Today’s jobs report from the Bureau of Labor Statistics provided a surprise — this time, a pleasant surprise, at least in its topline number. With economists expecting to see a result in the 190,000-200,000 range and ADP’s estimate for October private-sector hiring at 182,000, the BLS estimate for jobs added hit 271,000 — the best report since January:
Total nonfarm payroll employment increased by 271,000 in October, and the unemployment rate was essentially unchanged at 5.0 percent, the U.S. Bureau of Labor Statistics reported today. Job gains occurred in professional and business services, health care, retail trade, food services and drinking places, and construction.
Both the unemployment rate (5.0 percent) and the number of unemployed persons (7.9 million) were essentially unchanged in October. Over the past 12 months, the unemployment rate and the number of unemployed persons were down by 0.7 percentage point and 1.1 million, respectively. (See table A-1.)
Among the major worker groups, the unemployment rates for adult men (4.7 percent), adult women (4.5 percent), teenagers (15.9 percent), whites (4.4 percent), blacks (9.2 percent), Asians (3.5 percent),and Hispanics (6.3 percent) showed little or no change in October. (See tables A-1, A-2, and A-3.)
It’s not all peaches and cream, however. The workforce participation rate remains mired at a 38-year-low of 62.4%; its parallel measure, the employment-population ratio, also remains unchanged at 59.4%. The civilian labor force did expand in October by 313,000, however, which would be a good sign if it remains a consistent trend. However, the labor force number for October is still 152,000 below January’s level, and 441,000 below its peak in May.
As noted, the official unemployment rate dropped to 5.0%, which is still rendered problematic by the issues of the low workforce participation rates. Still, the U-6 measure which takes some of that into account also declined, dropping below 10% to 9.8% for the first time since June 2008. The U-6 includes the unemployed as well as the marginally attached workers and those in part-time jobs for economic reasons, but still is impacted by the workforce composition shifts. The trend here is good, however, and indicates that the job market is improving.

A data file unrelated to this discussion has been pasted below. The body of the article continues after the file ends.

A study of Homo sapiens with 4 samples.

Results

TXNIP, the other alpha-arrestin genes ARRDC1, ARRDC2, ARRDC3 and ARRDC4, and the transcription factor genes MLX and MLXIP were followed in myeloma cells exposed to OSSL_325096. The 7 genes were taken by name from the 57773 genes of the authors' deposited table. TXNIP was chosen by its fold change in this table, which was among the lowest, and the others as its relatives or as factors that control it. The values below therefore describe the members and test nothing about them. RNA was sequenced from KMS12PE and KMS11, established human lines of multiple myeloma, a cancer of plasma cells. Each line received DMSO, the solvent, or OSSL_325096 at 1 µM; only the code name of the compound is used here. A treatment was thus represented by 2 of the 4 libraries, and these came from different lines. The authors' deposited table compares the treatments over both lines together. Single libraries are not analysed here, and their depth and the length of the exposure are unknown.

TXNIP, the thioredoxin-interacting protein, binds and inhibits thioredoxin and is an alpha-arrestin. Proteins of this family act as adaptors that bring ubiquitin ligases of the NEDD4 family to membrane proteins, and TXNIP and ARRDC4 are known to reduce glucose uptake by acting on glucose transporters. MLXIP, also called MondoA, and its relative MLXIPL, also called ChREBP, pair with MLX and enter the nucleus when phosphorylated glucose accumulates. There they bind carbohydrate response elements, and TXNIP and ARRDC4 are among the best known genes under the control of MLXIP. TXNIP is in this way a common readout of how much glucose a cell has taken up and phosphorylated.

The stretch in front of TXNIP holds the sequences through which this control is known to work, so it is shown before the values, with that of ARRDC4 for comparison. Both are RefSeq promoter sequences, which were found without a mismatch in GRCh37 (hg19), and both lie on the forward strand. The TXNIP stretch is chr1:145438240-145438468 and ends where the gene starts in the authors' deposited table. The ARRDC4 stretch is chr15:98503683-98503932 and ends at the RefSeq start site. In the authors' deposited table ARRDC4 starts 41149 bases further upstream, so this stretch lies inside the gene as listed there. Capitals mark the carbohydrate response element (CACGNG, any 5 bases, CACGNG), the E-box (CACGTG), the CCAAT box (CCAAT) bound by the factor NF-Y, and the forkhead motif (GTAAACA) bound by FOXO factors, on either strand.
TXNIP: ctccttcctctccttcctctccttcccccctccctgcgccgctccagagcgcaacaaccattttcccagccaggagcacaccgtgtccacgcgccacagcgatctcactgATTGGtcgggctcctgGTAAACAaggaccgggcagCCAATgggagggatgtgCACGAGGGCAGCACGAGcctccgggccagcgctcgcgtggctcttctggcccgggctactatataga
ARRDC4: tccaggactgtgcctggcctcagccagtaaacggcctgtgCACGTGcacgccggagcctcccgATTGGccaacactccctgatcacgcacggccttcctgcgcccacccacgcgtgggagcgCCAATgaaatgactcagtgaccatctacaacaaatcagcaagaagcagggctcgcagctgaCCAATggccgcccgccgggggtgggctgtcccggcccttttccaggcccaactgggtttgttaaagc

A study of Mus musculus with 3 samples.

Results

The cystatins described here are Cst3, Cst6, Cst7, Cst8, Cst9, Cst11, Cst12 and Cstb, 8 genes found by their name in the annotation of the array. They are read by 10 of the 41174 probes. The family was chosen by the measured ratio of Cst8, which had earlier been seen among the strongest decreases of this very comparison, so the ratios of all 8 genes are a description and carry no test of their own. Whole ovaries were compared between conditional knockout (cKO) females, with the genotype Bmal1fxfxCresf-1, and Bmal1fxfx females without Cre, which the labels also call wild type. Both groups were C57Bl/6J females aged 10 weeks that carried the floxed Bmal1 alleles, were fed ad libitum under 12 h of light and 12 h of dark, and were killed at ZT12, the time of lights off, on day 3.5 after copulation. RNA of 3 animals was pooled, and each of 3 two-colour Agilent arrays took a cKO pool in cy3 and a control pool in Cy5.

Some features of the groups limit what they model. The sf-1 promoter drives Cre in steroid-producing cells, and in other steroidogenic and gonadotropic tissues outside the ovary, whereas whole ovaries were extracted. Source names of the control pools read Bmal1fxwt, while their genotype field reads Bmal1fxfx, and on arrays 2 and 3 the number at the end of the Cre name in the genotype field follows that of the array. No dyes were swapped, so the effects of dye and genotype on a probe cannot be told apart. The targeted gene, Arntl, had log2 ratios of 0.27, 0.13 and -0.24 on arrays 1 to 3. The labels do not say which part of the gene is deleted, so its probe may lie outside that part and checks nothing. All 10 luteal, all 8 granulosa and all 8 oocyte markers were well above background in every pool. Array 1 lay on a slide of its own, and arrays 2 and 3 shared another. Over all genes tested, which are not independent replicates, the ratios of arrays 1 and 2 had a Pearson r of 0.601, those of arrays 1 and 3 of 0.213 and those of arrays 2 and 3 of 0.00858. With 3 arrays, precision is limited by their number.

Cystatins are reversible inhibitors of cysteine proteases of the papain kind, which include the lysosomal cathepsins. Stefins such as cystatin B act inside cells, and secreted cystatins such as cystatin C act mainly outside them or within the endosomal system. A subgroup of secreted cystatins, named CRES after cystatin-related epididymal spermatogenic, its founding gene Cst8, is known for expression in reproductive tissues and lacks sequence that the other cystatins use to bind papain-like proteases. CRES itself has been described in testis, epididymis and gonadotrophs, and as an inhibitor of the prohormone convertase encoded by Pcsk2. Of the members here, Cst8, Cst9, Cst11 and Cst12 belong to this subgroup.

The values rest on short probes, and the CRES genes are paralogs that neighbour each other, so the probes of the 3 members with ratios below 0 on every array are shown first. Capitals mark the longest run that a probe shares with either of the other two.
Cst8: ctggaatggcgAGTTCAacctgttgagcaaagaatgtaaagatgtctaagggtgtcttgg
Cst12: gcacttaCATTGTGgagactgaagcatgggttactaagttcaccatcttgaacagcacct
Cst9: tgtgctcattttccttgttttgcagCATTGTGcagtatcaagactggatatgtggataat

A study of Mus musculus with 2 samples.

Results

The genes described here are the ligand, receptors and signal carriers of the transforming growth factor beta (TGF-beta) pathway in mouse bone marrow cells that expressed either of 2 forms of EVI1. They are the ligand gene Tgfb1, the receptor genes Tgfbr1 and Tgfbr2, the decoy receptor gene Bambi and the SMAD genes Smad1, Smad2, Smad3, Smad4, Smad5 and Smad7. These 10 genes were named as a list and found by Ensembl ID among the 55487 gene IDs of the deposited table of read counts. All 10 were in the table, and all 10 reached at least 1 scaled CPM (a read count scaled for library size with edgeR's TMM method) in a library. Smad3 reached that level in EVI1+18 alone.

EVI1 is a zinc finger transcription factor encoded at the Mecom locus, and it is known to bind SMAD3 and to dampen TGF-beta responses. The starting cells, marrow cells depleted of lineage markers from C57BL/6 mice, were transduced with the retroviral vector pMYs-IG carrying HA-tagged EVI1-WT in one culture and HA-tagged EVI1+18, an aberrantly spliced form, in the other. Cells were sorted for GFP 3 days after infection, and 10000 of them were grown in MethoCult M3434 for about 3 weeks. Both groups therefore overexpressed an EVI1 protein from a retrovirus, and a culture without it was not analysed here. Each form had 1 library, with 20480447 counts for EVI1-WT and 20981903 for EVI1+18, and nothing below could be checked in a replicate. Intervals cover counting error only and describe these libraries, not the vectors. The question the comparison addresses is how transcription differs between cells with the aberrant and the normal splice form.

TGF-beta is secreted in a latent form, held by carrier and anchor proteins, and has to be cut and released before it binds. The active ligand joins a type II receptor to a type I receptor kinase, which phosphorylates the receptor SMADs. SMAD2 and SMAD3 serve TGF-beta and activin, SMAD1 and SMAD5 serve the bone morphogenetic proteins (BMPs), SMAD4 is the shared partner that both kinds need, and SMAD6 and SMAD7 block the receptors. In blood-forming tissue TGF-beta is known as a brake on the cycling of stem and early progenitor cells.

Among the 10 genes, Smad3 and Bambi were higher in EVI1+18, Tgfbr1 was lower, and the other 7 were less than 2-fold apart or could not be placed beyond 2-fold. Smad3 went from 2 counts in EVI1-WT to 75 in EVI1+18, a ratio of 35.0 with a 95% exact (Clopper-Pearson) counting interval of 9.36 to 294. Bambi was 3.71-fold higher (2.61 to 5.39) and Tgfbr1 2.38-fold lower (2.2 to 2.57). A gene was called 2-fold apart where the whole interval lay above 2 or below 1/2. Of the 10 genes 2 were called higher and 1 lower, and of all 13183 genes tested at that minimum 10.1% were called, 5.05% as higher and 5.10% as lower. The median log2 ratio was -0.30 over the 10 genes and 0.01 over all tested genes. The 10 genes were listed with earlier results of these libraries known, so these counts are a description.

It’s not improving strongly enough to make a big dent in the chronically unemployed, however. At 271,000, it’s real job creation in relation to population growth (~150,000 jobs a month is the maintenance level), but it’s not been consistent enough or high enough to reverse six years of job-growth stagnation. Only three months in 2015 have surpassed the 250K mark, and the previous two months averaged 145,000 jobs per month even with the modest revisions announced today. The three-month growth average even with today’s announcement is a wan 187,000 per month — barely enough to be called growth in relation to population expansion.
Still, this might be enough to get the Fed to hike interest rates for the first time since the Great Recession began. The New York Times’ Nelson Schwartz thinks it will push the Fed into action:
The American economy added 271,000 jobs in October, a very strong showing that makes an interest-rate increase by the Federal Reserve much more likely when policy makers meet next month.
The report on hiring and unemployment, released Friday by the Labor Department, was eagerly anticipated on Wall Street, where traders and economists have been sifting each new bit of economic data for any augury of the central bank’s course. …
At this level, the unemployment rate is close to what would normally be considered the threshold for full employment by the Fed and many private economists.
However, the so-called slack that built up in the labor market after the recession has altered traditional calculations of how far unemployment can fall before the job market tightens and the risk of inflation rises.
“Full employment”? Funny, no one thought 5.0% was “full employment” in the George W. Bush administration, and that was when the workforce participation rate was almost four points higher than it is today. (In May 2007, the unemployment rate was 4.4% and the participation rate was 66.0%, just for reference.) We’re far from full employment; we still have millions of sidelined workers from the Great Recession and the Great Stagnation that followed. The issue for the Fed, however, is just how much longer they can justify offering essentially free money to institutional lenders when the benefits of that policy are at best indirect for most Americans. It’s a political as well as an economic question. And this jobs report may give them a political rather than an economic opening.